84% of CMOs aren’t listening to customers online. What’s a marketer to do?
This week the CMO Council released a survey of 400 marketing executives finding that only 16% have any way of regularly monitoring their companies’ online word of mouth. When you consider current and projected rates of creation and consumption of online word of mouth (UGC, CGC, etc), it becomes quite clear that most marketers continue down the paths they’ve followed for many years, expecting the same results while consumer behavior has taken a hard turn in another direction.
The fact of the matter is that word of mouth is the most powerful form of marketing communications – always has been and always will be. Historically marketers have had very limited means to effectively measure or influence word of mouth, and we’ve spent unimaginable amounts of time and money on the next best thing to get people to buy our products. In doing so we’ve talked about brand gap, conversion rates and engagement as measures of minute changes in marketing effectiveness while customers simply ask each other “is it going to do what I want and is it worth the price?”
One explanation for the lack of online word of mouth research and marketing adoption amongst marketers is the question of ownership. Within many companies there’s confusion about who online word of mouth belongs to – the brand management, digital marketing team, research team or customer relations. Again, highlighting the misalignment of many brands’ marketing and management structures to the changing behavior of customers.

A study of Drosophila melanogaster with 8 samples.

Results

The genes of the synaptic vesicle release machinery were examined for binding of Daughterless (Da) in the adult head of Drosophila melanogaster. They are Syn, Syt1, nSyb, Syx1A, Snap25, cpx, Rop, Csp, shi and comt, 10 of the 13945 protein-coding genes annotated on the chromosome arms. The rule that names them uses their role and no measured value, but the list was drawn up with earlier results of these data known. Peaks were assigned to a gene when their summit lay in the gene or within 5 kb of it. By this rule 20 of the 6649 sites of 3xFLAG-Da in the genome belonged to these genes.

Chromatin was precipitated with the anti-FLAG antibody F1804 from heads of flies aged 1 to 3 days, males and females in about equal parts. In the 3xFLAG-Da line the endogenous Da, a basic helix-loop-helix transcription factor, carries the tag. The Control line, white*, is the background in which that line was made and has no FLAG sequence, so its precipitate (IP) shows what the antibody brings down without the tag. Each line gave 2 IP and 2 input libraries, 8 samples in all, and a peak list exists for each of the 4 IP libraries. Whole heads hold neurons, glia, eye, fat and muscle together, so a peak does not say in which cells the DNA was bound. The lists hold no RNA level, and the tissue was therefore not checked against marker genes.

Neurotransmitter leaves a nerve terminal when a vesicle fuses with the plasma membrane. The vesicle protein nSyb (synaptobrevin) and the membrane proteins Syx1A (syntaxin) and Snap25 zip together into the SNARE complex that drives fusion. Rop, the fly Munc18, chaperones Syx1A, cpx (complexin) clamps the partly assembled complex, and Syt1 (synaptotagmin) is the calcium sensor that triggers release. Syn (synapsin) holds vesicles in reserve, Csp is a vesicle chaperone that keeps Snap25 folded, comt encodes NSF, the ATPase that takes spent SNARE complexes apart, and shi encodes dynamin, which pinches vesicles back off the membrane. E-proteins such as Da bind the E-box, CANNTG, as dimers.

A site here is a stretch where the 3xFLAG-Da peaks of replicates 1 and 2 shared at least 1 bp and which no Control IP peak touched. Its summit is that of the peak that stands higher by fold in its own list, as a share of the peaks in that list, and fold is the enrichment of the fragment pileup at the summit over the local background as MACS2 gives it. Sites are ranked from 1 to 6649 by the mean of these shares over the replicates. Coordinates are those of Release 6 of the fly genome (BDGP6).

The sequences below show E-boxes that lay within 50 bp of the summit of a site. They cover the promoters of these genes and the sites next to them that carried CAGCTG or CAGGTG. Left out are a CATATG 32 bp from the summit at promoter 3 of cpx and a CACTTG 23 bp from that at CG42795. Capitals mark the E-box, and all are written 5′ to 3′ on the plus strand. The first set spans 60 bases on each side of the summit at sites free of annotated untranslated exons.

In our experience measuring and marketing with online word of mouth (for Avis, OpenSkies, and others) we’ve seen precisely why this confusion of ownership occurs. Digital marketers often identify the opportunity because it’s online, but their budgets are generally limited to more tangible, ROI focused investments. Brand managers and research departments who could really get into the data tend to have more faith in the quality of insight from traditional sources such as focus groups, panels and offline tracking studies (a position that’s becoming very hard to defend). And customer service teams often fear that it’s just another complaint channel that they’d rather not open up – it can seem to be overwhelming.
The most successful model we’ve experienced is collaborative ownership – with Avis in particular we have great success as the digital agency managing word of mouth research and marketing on behalf of the marketing and customer relations teams. In fact, it was a priority of the program’s structure from day one – in order to add value to the social media space and leverage its’ insights and benefits to the greatest degree, it required a ‘task force’ of sorts made up of the heads of marketing and customer service, and a select member of their teams.
At the root of this approach is the thinking that word of mouth, and marketing in general, can be quite effective if it’s based on service instead of solicitation. An approach that would require, in many companies, some structural adjustments – but isn’t that that point – when customers change their behavior shouldn’t marketers?